Herbel placed third with teammate Chase Meisinger in the Structural Engineer division, and individually he finished fourth in Dragster Design and ninth in Flight Endurance.
“I was kind of surprised,” Herbel said of the accomplishment. “I wasn’t thinking I was going to place in all of them, but with how things were going there, it was looking pretty good.”
This is the third year Herbel has placed among the top 10 at the national level. As a freshman, he placed second in Flight Endurance; as a sophomore he finished fourth in Flight Endurance and made the top 10 with teammate Ben Loewen in Problem Solving.
“I’m relatively sure this is the first time we’ve had one person with three top 10s,” said Creigh Bell, the TSA adviser at HHS. “I recalled a couple that had established two top 10s (in a given year), but I could not recall any that have had three.”
TSA has been active at Hillsboro High since the 2003-04 school year; the chapter competed at state in spring 2005 and qualified its first students for nationals in 2006-07, according to Bell.
In the Structural Design competition, Herbel and Meisinger had 21⁄2 hours to create a beam made out of balsa wood and paper that was 2 inches by 2 inches by 12 inches.
“You have to know your design, and they give you about an hour to draw it,” he said. “Once you’re done with that, you turn in your drawing and you starting building.”
Herbel and Meisinger won the state competition in spring with a design that was 16 inches long.
“The one we took to state was very simply, actually,” Herbel said. It finally snapped at 143 pounds of pressure, which is determined by a stress analyzer.
Between state and nationals, Herbel and Meisinger consulted with Tom Kaufman, an engineer at Hillsboro Industries.
“We asked him about it, and used his ideas to figure out what stress points needed to go where,” Herbel said.
“Throughout the summer we tried a couple of different designs,” he added. “When you test, it really helps you figure out where the stress points really happen. It just takes a lot of practice.”
At nationals, where the length of the beam was designated as 12 inches, Herbel and Meisinger’s entry supported 191 pounds.
“We were amazed by that,” Herbel said. “We topped the other team that was there, but it was probably because it was so heavy. That brought us down.”
Herbel said working with a partner has advantages and disadvantages.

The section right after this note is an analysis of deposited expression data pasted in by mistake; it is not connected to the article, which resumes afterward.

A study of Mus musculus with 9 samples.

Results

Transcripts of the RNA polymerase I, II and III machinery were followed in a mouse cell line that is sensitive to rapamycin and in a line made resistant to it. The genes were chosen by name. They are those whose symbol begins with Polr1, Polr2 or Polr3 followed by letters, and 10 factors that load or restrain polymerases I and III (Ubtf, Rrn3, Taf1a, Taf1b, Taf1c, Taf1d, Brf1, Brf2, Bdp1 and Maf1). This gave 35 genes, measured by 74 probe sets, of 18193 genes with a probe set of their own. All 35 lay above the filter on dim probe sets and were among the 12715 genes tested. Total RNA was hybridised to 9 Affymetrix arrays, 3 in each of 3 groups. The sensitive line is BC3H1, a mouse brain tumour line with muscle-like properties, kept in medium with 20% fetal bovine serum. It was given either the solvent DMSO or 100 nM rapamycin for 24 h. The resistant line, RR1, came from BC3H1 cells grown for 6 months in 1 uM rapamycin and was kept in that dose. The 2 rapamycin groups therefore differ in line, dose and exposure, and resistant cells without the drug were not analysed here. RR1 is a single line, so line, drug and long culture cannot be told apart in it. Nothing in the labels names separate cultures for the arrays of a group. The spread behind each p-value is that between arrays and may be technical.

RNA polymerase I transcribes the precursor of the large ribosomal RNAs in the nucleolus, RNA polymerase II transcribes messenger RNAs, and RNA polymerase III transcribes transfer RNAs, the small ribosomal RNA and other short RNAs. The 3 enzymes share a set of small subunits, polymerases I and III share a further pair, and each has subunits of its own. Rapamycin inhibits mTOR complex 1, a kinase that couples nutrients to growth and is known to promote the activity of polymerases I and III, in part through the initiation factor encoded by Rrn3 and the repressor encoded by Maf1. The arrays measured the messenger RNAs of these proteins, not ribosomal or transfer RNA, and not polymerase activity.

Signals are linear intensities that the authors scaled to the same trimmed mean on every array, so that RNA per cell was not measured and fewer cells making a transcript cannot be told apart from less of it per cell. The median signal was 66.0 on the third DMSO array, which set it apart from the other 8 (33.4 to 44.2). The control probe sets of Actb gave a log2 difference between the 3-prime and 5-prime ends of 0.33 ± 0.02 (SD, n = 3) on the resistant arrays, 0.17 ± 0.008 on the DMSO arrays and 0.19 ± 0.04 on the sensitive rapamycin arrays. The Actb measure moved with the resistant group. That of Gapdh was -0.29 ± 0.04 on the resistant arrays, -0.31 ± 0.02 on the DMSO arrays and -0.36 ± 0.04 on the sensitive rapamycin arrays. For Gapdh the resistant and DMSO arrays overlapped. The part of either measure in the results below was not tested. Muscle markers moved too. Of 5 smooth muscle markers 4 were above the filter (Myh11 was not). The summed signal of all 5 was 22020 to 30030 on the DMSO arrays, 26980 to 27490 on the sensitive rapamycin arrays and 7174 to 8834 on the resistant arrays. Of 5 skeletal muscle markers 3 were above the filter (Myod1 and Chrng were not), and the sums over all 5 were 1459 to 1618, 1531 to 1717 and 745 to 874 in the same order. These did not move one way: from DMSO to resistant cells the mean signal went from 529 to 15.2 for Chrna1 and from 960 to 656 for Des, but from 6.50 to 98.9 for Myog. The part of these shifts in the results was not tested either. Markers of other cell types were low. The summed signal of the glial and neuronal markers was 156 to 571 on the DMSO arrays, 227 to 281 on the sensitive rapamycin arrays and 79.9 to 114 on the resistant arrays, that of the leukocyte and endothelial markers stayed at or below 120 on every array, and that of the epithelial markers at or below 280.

“In some ways it’s harder because you’re both trying to do stuff,” he said. “But really it’s kind of nice because somebody can cut the wood, and somebody can glue it together.”
This was the first year Herbel competed in Dragster Design. The challenge is to design and build a balsa-wood dragster powered by carbon dioxide.
The project began in the classroom fairly early in the school year. Much of the year is spent tinkering with the design, which can be tested for wind resistance and other qualities.
“I think I had the best times there,” Herbel said about his results at nationals. “The one (time) I saw was 0.877 seconds. I ended up making it to the semifinals. I wasn’t able to be there, but the friend who was there said I won the first (race), lost the next one, then won the next one, so I finished fourth.”
This was Herbel’s third year to compete in Flight Endurance. Prior to the national convention he was able to keep his balsa-wood plane, powered by a wound rubber band, in the air for 2 minutes, 20 seconds.
“Maybe (the air) was heavier when you travel over to Orlando, but my first flight was 2:06,” Herbel said. “That was a good one, and I think that was the crucial one. That was the one that allowed me to place in the top 10.”
The second flight lasted 1:48, but Herbel said he did manage to pull off two perfect landings, which added 10 seconds to the flight time.
Secrets to success
Bell credited Herbel’s success at nationals to his skills and perseverance.
“He’s endeavored to remain involved with multi events, and has used what time he’s had in his busy schedule to refine his projects and his skills and has surfaced as a succes in his events. That’s what it takes.
“The more events that you’re in, the tougher it is. To be top 10 in three, that takes quite a bit of effort.”
With a full part-time job at Hillsboro True Value, Herbel has excelled even though his discretionary time has diminished.
Bell said what makes Herbel’s accomplishments even more impressive is that contestants are not classified by the size of their school.
“Those guys are up against students from high schools like from back east in Massachusetts,” Bell said. “They actually have tech prep high schools, and some of these kids are trying to head to MIT.
“These are the guys we’re up against—(engineering) is their career. They’re locked on and they plan to spend the next $150,000, or better, on their education at some renowned school.”
Joining Herbel and Meisinger at Orlando was another junior, Garrett Foster, who competed in Dragster Design.
“I’m very pleased with what we’ve done (at nationals),” Bell said.
Herbel said he hopes to compete at that level again next year, and in the same three events. If he finishes among the top 10 as a senior, he would be the first HHS student to do so all four years.
But it won’t be easy, Bell said.
“We’re learning that the competition is stiffening,” he said. “In fact, I was told by a friend who worked with a high school student in Alabama that they had flights of three minutes or better. In my years (with TSA contests), I have not even seen a three-minute flight.
“If we’re not going to fly near those times, we’re going to take a backseat to those people who are.”